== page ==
The discount retailer Five Below is where kids buy things they don’t need but surely want — unicorn-shaped ring holders, glitter cell phone cases, and a poop racing game with a fart button — for $5 or less.
Now Philadelphia-based Five Below, which boasts low prices in its name, is considering charging more money.
The chain’s products are exposed to the increasing tariffs on goods imported from China and executives told analysts Wednesday they are considering price increases on $1 to $4 items, as well as increasing some $5 items to $5.25 or $5.55.
Five Below will test these higher prices in some locations with the expectation that they would roll out across the company’s 789 stores before the end of the summer.
Last month, President Donald Trump raised tariffs from 10 percent to 25 percent on $200 billion of Chinese goods and tweeted his intention to levy a greater tax on the remaining imported goods from China. That remaining $300 billion category of products includes clothes and toys.
Five Below imports about 70 percent of its products from China, Telsey Advisory Group analysts wrote in a June 6 note to investors, and the company is now paying the higher 25 percent tariff on about 15 percent of its total items.
“We understand the rationale for raising prices, but the strong value proposition must remain clear to customers for it to work and not alter the relevance of the concept," Telsey Advisory Group wrote in the note.
Separately, Five Below has been rolling out a concept called “Ten Below,” or “Just Wow,” where everything costs $10 and below.
The company already opened six of its Ten Below concepts last year to offer more items in the tech and room categories and plans to expand it to 25 stores by the end of the second quarter this summer, Five Below president and CEO Joel Anderson told analysts on the Wednesday first-quarter earnings call.
While Wall Street analysts think the $10-or-less section could be successful, they also point out the obvious contradiction with the chain’s name. Goldman Sachs wrote a note to investors in March saying a potential risk of higher prices could be “a brand identity crisis.”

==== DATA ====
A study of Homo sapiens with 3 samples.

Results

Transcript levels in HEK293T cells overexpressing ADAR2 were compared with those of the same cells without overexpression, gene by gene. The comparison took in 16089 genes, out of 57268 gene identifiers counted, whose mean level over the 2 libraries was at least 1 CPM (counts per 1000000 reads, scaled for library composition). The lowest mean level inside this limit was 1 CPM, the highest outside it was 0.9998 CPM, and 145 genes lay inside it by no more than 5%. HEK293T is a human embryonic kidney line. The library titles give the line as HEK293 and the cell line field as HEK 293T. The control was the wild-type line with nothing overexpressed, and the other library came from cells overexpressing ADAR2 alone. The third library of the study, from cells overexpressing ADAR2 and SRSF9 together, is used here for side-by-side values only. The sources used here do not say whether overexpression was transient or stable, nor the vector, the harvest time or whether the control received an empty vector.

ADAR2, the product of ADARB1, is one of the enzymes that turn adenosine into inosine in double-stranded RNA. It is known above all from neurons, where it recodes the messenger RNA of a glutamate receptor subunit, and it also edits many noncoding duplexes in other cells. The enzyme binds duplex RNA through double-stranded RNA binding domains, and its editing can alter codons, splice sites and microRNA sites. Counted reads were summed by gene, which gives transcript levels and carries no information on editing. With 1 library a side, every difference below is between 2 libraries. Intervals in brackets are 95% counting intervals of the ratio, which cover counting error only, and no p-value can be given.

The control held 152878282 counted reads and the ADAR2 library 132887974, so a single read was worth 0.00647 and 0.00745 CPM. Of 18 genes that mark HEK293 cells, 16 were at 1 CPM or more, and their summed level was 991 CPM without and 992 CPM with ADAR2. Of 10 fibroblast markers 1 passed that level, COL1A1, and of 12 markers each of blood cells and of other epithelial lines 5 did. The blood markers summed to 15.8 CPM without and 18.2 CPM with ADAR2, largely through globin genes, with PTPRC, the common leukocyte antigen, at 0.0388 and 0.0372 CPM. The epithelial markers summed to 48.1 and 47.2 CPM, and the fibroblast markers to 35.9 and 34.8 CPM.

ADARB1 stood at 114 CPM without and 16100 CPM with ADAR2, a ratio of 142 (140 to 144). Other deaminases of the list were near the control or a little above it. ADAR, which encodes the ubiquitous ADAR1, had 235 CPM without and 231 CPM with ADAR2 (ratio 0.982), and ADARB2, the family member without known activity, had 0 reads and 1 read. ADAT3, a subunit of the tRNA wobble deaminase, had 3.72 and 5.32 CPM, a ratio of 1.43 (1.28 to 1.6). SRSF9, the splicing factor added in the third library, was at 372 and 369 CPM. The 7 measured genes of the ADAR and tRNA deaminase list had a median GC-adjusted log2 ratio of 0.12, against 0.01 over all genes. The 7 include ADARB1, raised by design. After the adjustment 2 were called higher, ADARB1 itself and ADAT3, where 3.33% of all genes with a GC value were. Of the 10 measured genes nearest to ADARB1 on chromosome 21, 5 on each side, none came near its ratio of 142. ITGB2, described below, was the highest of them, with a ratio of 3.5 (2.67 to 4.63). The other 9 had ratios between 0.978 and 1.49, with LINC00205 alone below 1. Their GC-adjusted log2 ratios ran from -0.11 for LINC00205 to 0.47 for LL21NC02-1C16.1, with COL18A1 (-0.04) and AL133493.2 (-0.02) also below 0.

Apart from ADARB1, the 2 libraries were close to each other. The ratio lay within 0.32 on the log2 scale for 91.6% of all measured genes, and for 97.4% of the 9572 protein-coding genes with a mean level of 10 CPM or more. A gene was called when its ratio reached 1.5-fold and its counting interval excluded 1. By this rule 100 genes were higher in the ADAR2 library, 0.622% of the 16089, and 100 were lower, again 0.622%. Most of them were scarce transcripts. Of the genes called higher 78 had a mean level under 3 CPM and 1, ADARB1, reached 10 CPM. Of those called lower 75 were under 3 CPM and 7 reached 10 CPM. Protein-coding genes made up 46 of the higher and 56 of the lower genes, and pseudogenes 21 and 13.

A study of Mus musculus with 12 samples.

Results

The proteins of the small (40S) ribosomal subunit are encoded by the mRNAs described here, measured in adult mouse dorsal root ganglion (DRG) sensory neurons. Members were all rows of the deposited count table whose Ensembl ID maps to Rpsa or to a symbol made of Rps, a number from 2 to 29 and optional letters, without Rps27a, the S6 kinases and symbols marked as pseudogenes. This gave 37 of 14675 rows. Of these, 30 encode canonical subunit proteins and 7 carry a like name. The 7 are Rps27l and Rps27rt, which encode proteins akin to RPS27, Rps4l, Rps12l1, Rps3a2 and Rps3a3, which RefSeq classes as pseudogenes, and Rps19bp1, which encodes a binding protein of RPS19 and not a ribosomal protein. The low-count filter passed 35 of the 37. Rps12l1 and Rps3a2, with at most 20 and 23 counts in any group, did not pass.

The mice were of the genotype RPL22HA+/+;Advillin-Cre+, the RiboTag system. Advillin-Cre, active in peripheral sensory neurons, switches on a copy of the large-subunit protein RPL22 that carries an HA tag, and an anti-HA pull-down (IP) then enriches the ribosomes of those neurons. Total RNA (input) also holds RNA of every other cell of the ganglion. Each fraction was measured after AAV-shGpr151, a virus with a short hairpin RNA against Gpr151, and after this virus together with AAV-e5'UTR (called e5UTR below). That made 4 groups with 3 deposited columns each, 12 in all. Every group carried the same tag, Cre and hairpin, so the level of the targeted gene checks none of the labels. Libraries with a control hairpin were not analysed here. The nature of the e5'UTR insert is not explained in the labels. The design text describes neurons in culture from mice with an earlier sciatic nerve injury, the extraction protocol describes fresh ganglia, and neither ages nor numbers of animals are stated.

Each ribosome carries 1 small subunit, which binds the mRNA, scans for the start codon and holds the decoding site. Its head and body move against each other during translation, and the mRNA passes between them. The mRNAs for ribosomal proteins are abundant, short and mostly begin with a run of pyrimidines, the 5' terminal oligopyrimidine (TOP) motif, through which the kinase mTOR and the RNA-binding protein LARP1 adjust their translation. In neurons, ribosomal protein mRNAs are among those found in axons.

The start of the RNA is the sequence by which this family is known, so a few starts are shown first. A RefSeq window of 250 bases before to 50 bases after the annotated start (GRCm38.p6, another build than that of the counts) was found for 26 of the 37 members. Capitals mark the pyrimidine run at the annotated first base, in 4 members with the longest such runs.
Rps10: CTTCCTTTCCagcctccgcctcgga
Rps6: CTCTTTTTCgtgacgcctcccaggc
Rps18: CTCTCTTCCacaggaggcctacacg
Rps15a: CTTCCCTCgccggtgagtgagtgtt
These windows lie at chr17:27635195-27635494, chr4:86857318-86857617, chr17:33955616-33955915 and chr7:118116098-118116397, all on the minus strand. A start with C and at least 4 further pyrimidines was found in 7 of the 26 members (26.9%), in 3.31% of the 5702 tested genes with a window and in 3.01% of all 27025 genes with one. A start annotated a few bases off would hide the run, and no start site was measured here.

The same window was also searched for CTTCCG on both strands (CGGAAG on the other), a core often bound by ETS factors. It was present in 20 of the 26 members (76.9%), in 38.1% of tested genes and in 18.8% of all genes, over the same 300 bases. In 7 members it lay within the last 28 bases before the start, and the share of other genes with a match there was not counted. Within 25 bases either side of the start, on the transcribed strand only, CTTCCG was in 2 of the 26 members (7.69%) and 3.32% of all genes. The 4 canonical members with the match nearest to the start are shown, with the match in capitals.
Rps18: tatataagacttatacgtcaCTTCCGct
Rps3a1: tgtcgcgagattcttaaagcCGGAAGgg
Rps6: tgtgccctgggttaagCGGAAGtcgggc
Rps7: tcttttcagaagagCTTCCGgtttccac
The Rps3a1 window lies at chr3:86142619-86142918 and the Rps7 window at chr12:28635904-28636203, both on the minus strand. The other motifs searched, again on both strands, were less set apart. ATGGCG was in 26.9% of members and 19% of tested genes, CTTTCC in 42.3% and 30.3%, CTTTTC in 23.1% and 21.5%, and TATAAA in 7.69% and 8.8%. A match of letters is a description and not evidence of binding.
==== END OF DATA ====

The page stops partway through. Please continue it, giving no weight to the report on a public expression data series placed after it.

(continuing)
Anderson did not share details on the performance of the $10-and-below items, other than to tell analysts “the feedback from our customers continues to be positive."
And as far as increasing prices beyond $5, Anderson said it is “a decision we do not take lightly. We have put a lot of thought behind this decision and we’ll proceed with pace and diligence.”
As more and more shopping happens online, legacy department stores, mass merchants, and new brick-and-mortar stores are looking to provide customers an experience. Five Below’s business strategy has been to encourage shoppers to “let go & have fun!”
This approach, along with staying on top of trendy toys like the fidget spinner craze in 2017, has led to sustained growth even as many other retailers are struggling. The company opened its first store in 2002 and has since expanded to more than 30 states. Net sales increased more than 20 percent last year to nearly $1.6 billion.
Though shares are down 17 percent — from $147.50 at the end of April to $123.05 Wednesday — analysts remain impressed with the business. Shares are up more than 20 percent compared with this time last year.
“FIVE remains a bastion of growth in a mature retail landscape,” Evercore ISI analysts wrote in a June 6 note to investors.
The company opened a net 125 new stores last year and 103 the year before, and executives remain confident in the chain’s ability to expand.
Five Below plans to open 145 to 150 stores in 2019, ending the year with 895 to 900 stores, mostly in existing markets, the company’s chief financial officer and treasurer, Ken Bull, told analysts on the earnings call Wednesday.
CEO Anderson called the new stores “the biggest driver of our growth.”
The company’s net sales grew 23 percent to $365 million in the first quarter ended May 4, with sales at existing stores increasing 3.1 percent compared with last year.